In the midst of a potentially massive oil spill near Tauranga “Climate Justice Taranaki can now point to evidence of council approved spreading of toxic fracking and drilling wastes onto land that will be grazed by cows” says spokesperson Urs Signer. Download full document.
New Plymouth based company BTW has been given a new consent by the Taranaki Regional Council (TRC) to spread toxic drilling and frack chemicals onto a farm near Waitara and let it “dilute” into the soil, the ground water and the coastal environment. The dump site contains battery chicken barns, is located only two paddocks away from houses, 25m from the beach and surface water drains and will be used for grazing cows once pasture has grown.
The consent requires testing of soil and a few tests of the coastal environment but after the damage has been done. It does not require monitoring of the farm animals’ health, nor for pollution of ground water or the air. This is despite previous monitoring which showed severe ground water pollution from drilling wastes and despite no monitoring of frack fluid landfarming being done in New Zealand before. There is some evidence in reports of a frack fluid being stored on the neighbouring farm used for a BTW dump site in 2010 but no evidence of where it ended up. Serious air pollution by deadly ozone and other gases have been found at drilling and frack waste sites overseas.
Known chemicals in frack and drilling waste that are dumped here at landfarms are carcinogenic hydrocarbon wastes, asthma, sight and skin disorder inducing chemicals and deadly biocides. Most of these chemicals have not been proven safe. Some chemicals have warnings not to discharge to waterways and the chemical load limits are based on Canadian, US and British levels yet all those countries are currently reviewing their policy due to fracking concerns. Of interest, the chemical glycol (used in Taranaki fracking as ‘Inflo-150) is being used to disperse the oil spill near Tauranga despite major toxicity concerns after its use in the Gulf of Mexico last year.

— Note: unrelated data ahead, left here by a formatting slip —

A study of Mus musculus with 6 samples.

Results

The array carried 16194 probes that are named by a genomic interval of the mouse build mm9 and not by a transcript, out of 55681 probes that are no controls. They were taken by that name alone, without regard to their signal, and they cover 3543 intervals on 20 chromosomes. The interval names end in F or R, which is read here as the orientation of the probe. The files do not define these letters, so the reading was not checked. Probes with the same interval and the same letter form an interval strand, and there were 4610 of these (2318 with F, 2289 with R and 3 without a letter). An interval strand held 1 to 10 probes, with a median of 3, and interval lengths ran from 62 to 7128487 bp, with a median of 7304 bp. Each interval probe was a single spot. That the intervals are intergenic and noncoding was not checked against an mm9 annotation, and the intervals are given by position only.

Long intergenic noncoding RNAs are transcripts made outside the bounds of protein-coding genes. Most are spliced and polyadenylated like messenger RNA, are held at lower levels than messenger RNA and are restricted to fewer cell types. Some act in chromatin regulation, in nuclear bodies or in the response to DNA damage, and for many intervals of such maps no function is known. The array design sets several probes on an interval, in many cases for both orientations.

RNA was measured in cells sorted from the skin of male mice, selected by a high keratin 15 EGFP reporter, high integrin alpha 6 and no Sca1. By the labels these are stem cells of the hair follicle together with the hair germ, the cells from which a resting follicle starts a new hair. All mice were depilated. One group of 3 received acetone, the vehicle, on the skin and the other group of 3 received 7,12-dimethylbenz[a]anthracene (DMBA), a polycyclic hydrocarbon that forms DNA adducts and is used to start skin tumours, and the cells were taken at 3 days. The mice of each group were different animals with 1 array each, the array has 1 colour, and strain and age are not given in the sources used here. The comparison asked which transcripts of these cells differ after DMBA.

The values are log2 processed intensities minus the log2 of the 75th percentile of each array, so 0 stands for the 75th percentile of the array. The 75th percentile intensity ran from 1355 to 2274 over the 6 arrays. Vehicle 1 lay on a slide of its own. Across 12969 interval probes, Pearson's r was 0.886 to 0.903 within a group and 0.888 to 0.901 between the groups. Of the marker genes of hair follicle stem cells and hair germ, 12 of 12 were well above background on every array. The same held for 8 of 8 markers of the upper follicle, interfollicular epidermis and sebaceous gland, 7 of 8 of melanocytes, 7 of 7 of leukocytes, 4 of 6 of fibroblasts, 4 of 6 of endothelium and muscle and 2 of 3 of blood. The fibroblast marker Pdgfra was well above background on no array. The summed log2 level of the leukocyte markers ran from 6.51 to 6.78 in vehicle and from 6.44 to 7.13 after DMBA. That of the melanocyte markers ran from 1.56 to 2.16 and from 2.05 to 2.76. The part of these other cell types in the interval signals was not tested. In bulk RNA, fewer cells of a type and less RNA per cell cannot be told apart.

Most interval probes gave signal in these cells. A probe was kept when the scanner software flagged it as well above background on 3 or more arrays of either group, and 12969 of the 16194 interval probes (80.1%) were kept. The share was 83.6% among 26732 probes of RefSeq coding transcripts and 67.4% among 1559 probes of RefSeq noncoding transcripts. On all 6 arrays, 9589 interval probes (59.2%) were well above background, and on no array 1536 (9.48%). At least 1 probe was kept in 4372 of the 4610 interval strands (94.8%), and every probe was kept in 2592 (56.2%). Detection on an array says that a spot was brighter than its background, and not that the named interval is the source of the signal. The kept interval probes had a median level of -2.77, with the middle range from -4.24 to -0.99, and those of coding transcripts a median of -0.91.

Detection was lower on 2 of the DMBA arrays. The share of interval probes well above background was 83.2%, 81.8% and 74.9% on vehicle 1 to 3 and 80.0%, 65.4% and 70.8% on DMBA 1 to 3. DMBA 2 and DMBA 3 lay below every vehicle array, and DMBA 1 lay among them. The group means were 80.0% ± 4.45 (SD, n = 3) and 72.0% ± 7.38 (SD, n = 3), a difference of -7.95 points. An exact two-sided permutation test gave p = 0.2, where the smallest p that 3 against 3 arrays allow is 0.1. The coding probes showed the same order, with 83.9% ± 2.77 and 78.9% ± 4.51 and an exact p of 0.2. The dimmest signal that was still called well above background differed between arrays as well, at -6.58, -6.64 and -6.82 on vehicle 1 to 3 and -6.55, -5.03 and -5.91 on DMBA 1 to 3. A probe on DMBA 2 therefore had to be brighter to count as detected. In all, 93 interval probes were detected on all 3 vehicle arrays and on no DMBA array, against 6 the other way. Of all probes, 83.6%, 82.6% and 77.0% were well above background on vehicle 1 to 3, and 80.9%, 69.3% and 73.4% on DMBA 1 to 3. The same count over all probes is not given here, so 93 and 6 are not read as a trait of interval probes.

The consent was also deemed non-notifiable to the general public because TRC think the dump site will have minor adverse effects on the environment based on other landfarms that also do not require public notification.
No consultation was undertaken with tangata whenua either despite it being mandatory under the Resource Management Act and a waahi tapu located on site. A council appointed archaeologist Ivan Bruce claimed he could not find the waahi tapu. He commented in his report that there was a ‘low likelihood that any archaeological evidence would be encountered during landfarming’ and ‘it is unlikely that there will be any adverse effects on Maori culture.’
“The new consent is a rushed change to cover up the fact that TRC was allowing the dumping of frack fluid despite it not coming under the resource consents they had handed out. That they then continue to assume these wastes have minor adverse effects goes against international evidence and there is no local evidence to back up their claims. The toxic drilling waste alone is causing ground water pollution when council actually gets it tested and air pollution and ecological pollution is still not being properly monitored. It’s totally unacceptable.” said spokesperson for Climate Justice Taranaki Emily Bailey.
“A look at landfarming monitoring reports shows that the dumping of frack waste has been going on under the radar for about six years with the Council seemingly unaware. A recent Official Information Act response confirmed that Council doesn’t even know all the chemicals being dumped.” said Bailey.
“The only change the new resource consent required was for the frack waste to be stored temporarily in a plastic-lined pit and then to be landfarmed anyway but monitored separately. The council have written in letters to drilling companies that they think fracking will have minimal environmental effects and could be considered a permitted activity that doesn’t require a consent. There is no independent monitoring. At a deepwell injection site TRC turned up for their once a year test and left without doing any tests because the equipment had already been removed. At other landfarm sites breaches of toxic barium, chlorides and carcinogenic hydrocarbon levels in soils were given the green stamp and future monitoring reduced. Clearly the regional council is not doing its job of protecting our environment but pandering to industry wants” said Climate Justice Taranaki spokesperson Urs Signer.
“We thought it was bad enough in Waitara with the brutal land confiscations of the 1800s, the gas pipelines, well sites, condensate spills and the sewage outfall into our once abundant reefs… but now we’re being ‘fracked’ to pollute the atmosphere and commit global ecocide.” said Waitara local Rata Pue.
Climate Justice Taranaki are holding a public meeting at 5pm on October 17th at the Waitara Town and Country Club to discuss the issue further with the local community and to push for a ban on fracking. The Greens Party has recently launched a nation-wide public petition, calling for a moratorium on fracking.
Hard copies of the BTW Brown Rd landfarm consent application can be supplied on request. This includes photos, maps and chemical analyses.
Previous BTW Landfarm monitoring reports and other petroleum industry company reports are available at http://www.trc.govt.nz/oil-and-gas-compliance-monitoring-reports/
The petition for imposing a moratorium on fracking is available at http://www.greens.org.nz/sites/default/files/GreensFrackNoPetition.pdf
Photos shown above are of the landfarm in Waitara. The photographer did not wish to be named.